Forced to find work through a temp agency, Lorraine Ferns has been pushed over and over again into accepting jobs with less pay than permanent employees and without benefits. 

“I’m just another precariously employed worker struggling to make ends meet,” said Ferns, speaking at a rally of community members and labour activists in Toronto on Monday outside one of Canada’s largest temp agencies as part of a province-wide day of action for a $14 minimum wage. 

“All which leads to continuous instability.”

Click here to see more photos from the rally.

One of thousands of workers in Ontario facing similar situations, Ferns said she received 40 per cent less than a permanent employee doing the same job. 

Often making minimum wage which is currently set at $10.25 an hour in the province.

“Even at $11 an hour this will still be 16 per cent below the poverty line,” said Ferns. 

On June 1, for the first time in four years, the Liberal government will increase minimum wage to $11 an hour with a promise to tie future increases to the rate of inflation.

“I need $14 an hour and I need it now. I really do need it now. Anything less is truly degrading and it’s forcing me and many people to live in poverty.”

An increase to $14 an hour would push minimum wage workers like Ferns to 10 per cent above the poverty line.

“The minimum wage is so low right now that many temp workers are working just to eat,” she said. “Not to live, but just survive.

“Is this government so out of touch that they haven’t seen the price of gas, food, rent, bus fares?”

At $14 an hour, she and other minimum-wage workers could afford the basic necessities of life that everyone else takes for granted rather than feel beaten down by a system that constantly leaves them stressed about trying to make ends meet. 

Ferns remembered working full-time through a temp agency for over a year without public holiday pay.

“The rents are so high I constantly worry that I’ll have to rent a room for the rest of my life,” she said.

“We deserve a better life.”

But as the temp help agency industry continues to grow and flourish, Ferns’s dream of a better life is quickly melting away.

“Temporary help agencies provide employees to client businesses that require staff on temporary assignments,” said the government on its website.

“Initially, these agencies provided mostly clerical workers, but today, they supply workers in a wide range of occupations, including manufacturing, construction, service, and information technologies.”

Leaving Ontario with more of a just-in-time workforce.

“Yet the government won’t do anything about it,” said Ferns.

So on a blustery spring afternoon, the Campaign to Raise the Minimum Wage brought its message outside the doors of one of Canada’s largest temp agencies.

“We’ve done these actions in the heat of August, the bitterly cold in December and we can do it in a bit of wind in April,” said Deena Ladd of the Workers’ Action Centre (WAC).

The Campaign to Raise the Minimum Wage was launched in March 2013, with communities across Ontario demanding the government break the freeze.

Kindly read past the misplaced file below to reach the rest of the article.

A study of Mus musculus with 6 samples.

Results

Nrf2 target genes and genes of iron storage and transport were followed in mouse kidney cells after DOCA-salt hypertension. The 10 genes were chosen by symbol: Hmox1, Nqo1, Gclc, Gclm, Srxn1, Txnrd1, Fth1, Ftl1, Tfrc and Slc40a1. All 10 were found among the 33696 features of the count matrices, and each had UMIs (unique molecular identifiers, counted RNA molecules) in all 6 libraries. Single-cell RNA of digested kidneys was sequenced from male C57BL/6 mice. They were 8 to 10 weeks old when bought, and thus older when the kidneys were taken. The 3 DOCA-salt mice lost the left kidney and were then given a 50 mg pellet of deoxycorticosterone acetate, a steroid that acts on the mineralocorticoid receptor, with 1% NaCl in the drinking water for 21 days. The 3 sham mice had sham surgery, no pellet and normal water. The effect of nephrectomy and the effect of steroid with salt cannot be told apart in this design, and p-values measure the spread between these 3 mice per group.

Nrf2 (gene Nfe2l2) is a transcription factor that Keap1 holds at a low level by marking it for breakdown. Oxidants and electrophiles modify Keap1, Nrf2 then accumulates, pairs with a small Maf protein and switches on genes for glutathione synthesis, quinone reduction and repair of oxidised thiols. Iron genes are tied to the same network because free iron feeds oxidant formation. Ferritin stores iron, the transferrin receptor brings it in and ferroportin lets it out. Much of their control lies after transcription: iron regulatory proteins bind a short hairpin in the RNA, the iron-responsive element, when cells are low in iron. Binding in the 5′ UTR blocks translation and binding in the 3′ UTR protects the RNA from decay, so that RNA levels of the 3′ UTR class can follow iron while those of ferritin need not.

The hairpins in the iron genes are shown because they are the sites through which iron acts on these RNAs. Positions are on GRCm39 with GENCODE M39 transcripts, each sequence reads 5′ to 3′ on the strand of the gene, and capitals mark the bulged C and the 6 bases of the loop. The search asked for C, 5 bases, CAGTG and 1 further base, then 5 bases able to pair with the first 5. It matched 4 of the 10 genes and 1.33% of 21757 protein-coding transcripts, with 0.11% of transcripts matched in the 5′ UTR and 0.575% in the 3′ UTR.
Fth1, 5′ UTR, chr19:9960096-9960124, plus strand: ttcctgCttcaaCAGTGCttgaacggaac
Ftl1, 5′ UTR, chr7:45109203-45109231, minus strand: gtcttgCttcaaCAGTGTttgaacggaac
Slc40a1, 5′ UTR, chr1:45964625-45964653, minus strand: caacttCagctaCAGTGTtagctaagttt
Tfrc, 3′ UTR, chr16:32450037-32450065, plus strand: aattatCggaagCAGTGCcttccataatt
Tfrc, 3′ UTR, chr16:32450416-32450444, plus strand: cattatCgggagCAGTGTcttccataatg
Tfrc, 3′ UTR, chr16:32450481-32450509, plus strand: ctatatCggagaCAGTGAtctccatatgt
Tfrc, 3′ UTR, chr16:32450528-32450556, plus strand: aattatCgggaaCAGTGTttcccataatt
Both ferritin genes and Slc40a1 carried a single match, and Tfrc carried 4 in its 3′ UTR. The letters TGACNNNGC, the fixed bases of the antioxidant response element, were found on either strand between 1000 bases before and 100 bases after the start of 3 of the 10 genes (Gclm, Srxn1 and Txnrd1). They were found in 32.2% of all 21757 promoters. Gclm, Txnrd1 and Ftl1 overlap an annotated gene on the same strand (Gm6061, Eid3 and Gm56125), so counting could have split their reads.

“Our communities aren’t going to accept just a measly 75 cent increase in the minimum wage. So the fight for $14 continues in cities across the province.”

The fight for decent wages and working conditions.

“Now,” said Andrea Babbington of the Toronto and York Region Labour Council. “Not four years later.”

Babbington’s heard too many horror stories from temp agency workers. “If they get hurt they just discard them,” she said. “Because they’re no good anymore.”

But Babbington warned the Liberals during her speech at Monday’s rally that if they don’t begin to stand up for workers, they’ll be the ones “discarded” at the next election.

Last fall, the Liberals introduced Bill 146, the Stronger Workplaces for a Stronger Economy Act, to better protect workers hired by temporary help agencies and unpaid interns, co-op students and trainees.

“The proposed act will also eliminate the $10,000 cap on the recovery of owed wages and increase the period of recovery from six and 12 months to two years for employees,” said the Toronto Star.

“And it will make temporary help agencies and employers jointly liable for employment standards violations and workplace safety. The move would help decrease the number of companies that hire temp agency workers solely to toil in unsafe conditions. It would also ensure those workers are properly paid.”

Clerical workers aren’t the only ones stuck in temporary, minimum-wage jobs.

“Our (retail) workers make $10.25 an hour working part-time,” said Sue Holdaway, with UNIFOR Local 414, a retail local.

“Most of them work two and three jobs just to make ends meet. They go to work every day and they’re still living in poverty.”

Seventy-five percent of retail sector workers are women.

“That’s a very high percentage,” said Holdaway. “They can’t even afford licensed daycare, never mind city transit.”

Many college, graduate and undergraduate students in Ontario also work in part-time, minimum wage jobs.

“My generation will be the first generation in over a century to live worse than their parents,” said Alistair Woods, chairperson, Canadian Federation of Students – Ontario (CFS-Ontario).

Working longer hours in precarious jobs for less pay in a province that continues to get more expensive to live in.

“So $11 (an hour) is an insult to working people (trying) to make a living wage so they can pay their bills and make ends meet. $14 now or else.”

Or else face the consequences at the ballot box in the next provincial election.

John Bonnar

John Bonnar is an independent journalist producing print, photo, video and audio stories about social justice issues in and around Toronto.